Science, Folklore & Old Wives Tales
Elaine Larsen - The Star & Public Face of the team (Not Your Average Soccer Mom)
Chris was giving a group of us an engineering tour of the car when he mentioned some of the safety features built-in. One such feature was designed to prevent the kind of accident that caused "Big Daddy" Don Garlits to lose his sight. That is when Elaine added a piece of female folklore she got from Shirley "Cha Cha" Muldowney, to wit, female dragsters should not wear underwire bras. The problem is that under high acceleration, the ends of the underwire dig into the rib cage creating painful welts in the armpits.
Whether or not Elaine and Shirley understand the science, they understand the pain! So this nugget becomes folklore. Not all such nuggets are based in truth, so those become known as “old wives tales”. Now Chris and his audience of scientifically knowledgeable fans can appreciate the science. This is an example of an inertial force (commonly referred to as “G” force). As the vehicle (dragster or spacecraft) accelerates, the driver’s body is forcing the bra out ahead. Newton taught us that for every action, there is an equal and opposite reaction! The faster the acceleration, the more force is required and the more the bra “weighs”. The more it weighs, the harder it pushes into the rib cage. OUCH!!!
Now if we relate this to science education, the question becomes, Are your kids learning science or folklore?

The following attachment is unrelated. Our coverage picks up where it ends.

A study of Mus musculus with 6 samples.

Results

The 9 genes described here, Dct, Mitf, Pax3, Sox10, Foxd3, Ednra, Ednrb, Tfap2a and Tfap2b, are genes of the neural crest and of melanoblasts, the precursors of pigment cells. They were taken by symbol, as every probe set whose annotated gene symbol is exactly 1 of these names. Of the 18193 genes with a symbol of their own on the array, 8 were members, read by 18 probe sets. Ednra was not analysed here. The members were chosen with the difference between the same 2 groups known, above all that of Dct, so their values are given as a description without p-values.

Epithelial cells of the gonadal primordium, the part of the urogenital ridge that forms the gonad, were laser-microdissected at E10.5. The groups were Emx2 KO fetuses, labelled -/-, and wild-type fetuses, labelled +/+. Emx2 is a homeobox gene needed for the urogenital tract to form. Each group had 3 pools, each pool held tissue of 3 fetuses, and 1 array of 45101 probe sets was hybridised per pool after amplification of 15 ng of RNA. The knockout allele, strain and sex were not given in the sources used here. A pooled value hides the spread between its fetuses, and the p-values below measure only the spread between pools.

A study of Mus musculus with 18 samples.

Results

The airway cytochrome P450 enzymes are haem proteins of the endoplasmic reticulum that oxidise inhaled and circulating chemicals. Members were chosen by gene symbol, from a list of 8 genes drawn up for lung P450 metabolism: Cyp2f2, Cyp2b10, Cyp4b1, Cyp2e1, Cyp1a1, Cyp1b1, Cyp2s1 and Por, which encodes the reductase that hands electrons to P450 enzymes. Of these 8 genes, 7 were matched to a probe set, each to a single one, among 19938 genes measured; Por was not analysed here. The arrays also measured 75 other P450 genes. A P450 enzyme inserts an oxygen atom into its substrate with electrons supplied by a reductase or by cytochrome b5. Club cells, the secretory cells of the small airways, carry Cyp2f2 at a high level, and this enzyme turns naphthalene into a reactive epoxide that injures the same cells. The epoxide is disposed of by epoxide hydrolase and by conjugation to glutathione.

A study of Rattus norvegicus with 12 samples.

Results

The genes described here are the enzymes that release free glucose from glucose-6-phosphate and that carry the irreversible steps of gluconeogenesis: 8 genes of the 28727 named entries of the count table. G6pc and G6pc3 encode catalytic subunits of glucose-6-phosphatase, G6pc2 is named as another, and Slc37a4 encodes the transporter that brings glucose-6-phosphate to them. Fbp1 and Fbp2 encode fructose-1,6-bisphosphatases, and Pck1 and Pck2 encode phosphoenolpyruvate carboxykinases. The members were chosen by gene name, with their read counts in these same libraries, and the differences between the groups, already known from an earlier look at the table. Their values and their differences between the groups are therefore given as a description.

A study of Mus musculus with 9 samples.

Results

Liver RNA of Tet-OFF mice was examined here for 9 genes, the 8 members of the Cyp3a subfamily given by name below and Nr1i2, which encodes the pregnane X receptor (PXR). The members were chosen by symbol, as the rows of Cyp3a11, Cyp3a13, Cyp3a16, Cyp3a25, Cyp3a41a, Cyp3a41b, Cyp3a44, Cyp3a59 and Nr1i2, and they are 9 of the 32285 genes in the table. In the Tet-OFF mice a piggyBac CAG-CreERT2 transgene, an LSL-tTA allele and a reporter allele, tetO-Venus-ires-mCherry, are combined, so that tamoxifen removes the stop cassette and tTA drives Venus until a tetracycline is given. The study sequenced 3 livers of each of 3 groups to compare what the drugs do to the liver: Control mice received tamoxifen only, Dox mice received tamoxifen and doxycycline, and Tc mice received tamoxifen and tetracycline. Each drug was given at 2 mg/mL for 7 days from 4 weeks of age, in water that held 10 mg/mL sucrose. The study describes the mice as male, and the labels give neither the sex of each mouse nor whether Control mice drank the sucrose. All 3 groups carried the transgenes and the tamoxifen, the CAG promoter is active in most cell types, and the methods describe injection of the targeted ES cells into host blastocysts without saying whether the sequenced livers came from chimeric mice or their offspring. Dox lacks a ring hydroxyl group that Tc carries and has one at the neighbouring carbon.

2) The “heat rises” idea is actually a verbal shortcut to describe Free Convection, one of several types of heat transfer. Others include forced convection, conduction & radiation. Heat transfer by conduction (touching) explains how heat travels from the object at a higher temperature (the iron) and flows to an object at lower temperature (the clothes). The flow of steam out of the iron is an adiabatic expansion of a gas (the steam). You push the button and open a port inside the iron. The steam expands out of the iron through the open port.
3) As to how the Blue Angels fly inverted, Wikipedia has a nice article on The Science of Wings. To fly inverted one must establish an angle of attack sufficient to develop enough lift while using enough “Thrust” (see I didn’t forget you - Lee!) to overcome the drag. So you’ll see they fly with their nose tilted up a bit more when they are inverted! That raises the leading edge of the wing and creates a high enough angle of attack!